Today we are hurtling with the low flying speed of 16 knots towards the Island of Roatan off the coast of Honduras. Although we are calling at that country, we will not notice much of it, as we are calling at an island with a custom made Resort, built by our parent company Carnival Corporation. Before Mahogany Bay was opened, there was one cruise dock which could take one ship. That dock is still in use when the two berths at Mahogany Bay are full. Quite often we then see a ship belonging to the competition going there. They can also use our berths but only if we are not there.
In the years B.C. (Before Carnival) Holland America used to go there on occasion; mostly during the Christmas cruise when marketing had glued two 7 day cruises together into one 14 day Holiday cruise. I cannot remember what the guests thought about it in those days but we were not impressed. The dock was always occupied by another ship and thus we had to anchor. The East Bay is quite deep and then becomes shallow very quickly and thus we had to drop almost 300 feet of chain before we even touched the bottom. That was not very pleasant when there were squalls coming over and you wanted to raise the anchor quickly. And with the old Nieuw Amsterdam, Noordam and Westerdam you never knew how fast and how much the anchor winch could pull. Tomorrow we dock and now have no more worries.
This morning at 09.30 hrs. we passed the west coast of Cuba, Cabo San Antonio, and then sailed into the Caribbean Sea. The moment we did so, the wind started to breeze up as the Trade Wind is quite strong at the moment due to an extra pressure system laying somewhere in the North Atlantic. But it should calm down again somewhat during the night.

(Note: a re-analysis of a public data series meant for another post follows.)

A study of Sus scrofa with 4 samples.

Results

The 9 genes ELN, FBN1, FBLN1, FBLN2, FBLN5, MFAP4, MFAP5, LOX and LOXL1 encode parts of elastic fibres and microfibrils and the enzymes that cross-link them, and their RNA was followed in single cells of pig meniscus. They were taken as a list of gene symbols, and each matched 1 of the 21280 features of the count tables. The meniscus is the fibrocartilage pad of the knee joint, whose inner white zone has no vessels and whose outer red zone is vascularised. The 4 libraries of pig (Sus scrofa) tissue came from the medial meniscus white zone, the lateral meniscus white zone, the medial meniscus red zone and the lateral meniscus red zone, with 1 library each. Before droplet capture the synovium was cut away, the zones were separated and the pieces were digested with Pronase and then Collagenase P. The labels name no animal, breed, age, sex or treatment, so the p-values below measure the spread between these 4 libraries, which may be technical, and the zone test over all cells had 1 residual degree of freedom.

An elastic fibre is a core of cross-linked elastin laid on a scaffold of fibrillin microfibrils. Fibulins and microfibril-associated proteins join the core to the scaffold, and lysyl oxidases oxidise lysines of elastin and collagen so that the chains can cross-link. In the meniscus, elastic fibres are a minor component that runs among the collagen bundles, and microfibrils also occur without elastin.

This area of the Caribbean Sea is called the Yucatan Channel as it is located between the Yucatan Peninsula to the West and Cuba to the right. The border between the real Caribbean Sea and the Straits of Florida are a little bit fuzzy as it is all wide open water. For me it roughly starts North of Cozumel and then it stops once past Cabo San Antonio but that is more art than science. Explorers in the old days, on their slow moving sailing ships, had not much to do so they named everything they could think of. Sometimes after areas at home, sometimes after King/Queen and country and sometimes after themselves. And thus they were not happy with just naming the whole area Caribbean Sea but gave a different name to the area under Cozumel Island and that has the name of the Gulf of Honduras and stretches from Belize down to the Honduran coast. That area we entered late this afternoon.
From Cabo San Antonia it is one straight course down to Roatan. Which is not an island by itself but belongs to a group called Islas de la Bahia or: the Bay Islands. We call it Roatan Island but that is not correct either. Roatan is a town/settlement on the west side of a long and narrow island with the main town of Santa Elena at the East side. The island is called Isla de Utila and is flanked by either side by a very small island. The one on the left is also called Isla de Utila and the one on the right is Isla de Guanaja.
Mahogany Bay is located on the south side of the main island and is in general very well sheltered, except if there are squalls coming through, which can change the predominant Easterly wind to S.E., South or S.W. and then the ships have to be ready with their thrusters so they do not get blown off the dock. We will approach Roatan from the west side and sail between the two Islas de Utila towards the pilot station. We are expected at 07.00 hrs. and as we are supposed to be the only ship, we will dock as deep as possible in the Bay, getting as much shelter as possible from the strong Trade Winds. Weather, overcast skies with a chance of a squall are expected but it will be warm and humid with temperatures up to 27oC / 81oF. I hope the guests will be careful as you can get a sun burn here even if it is overcast.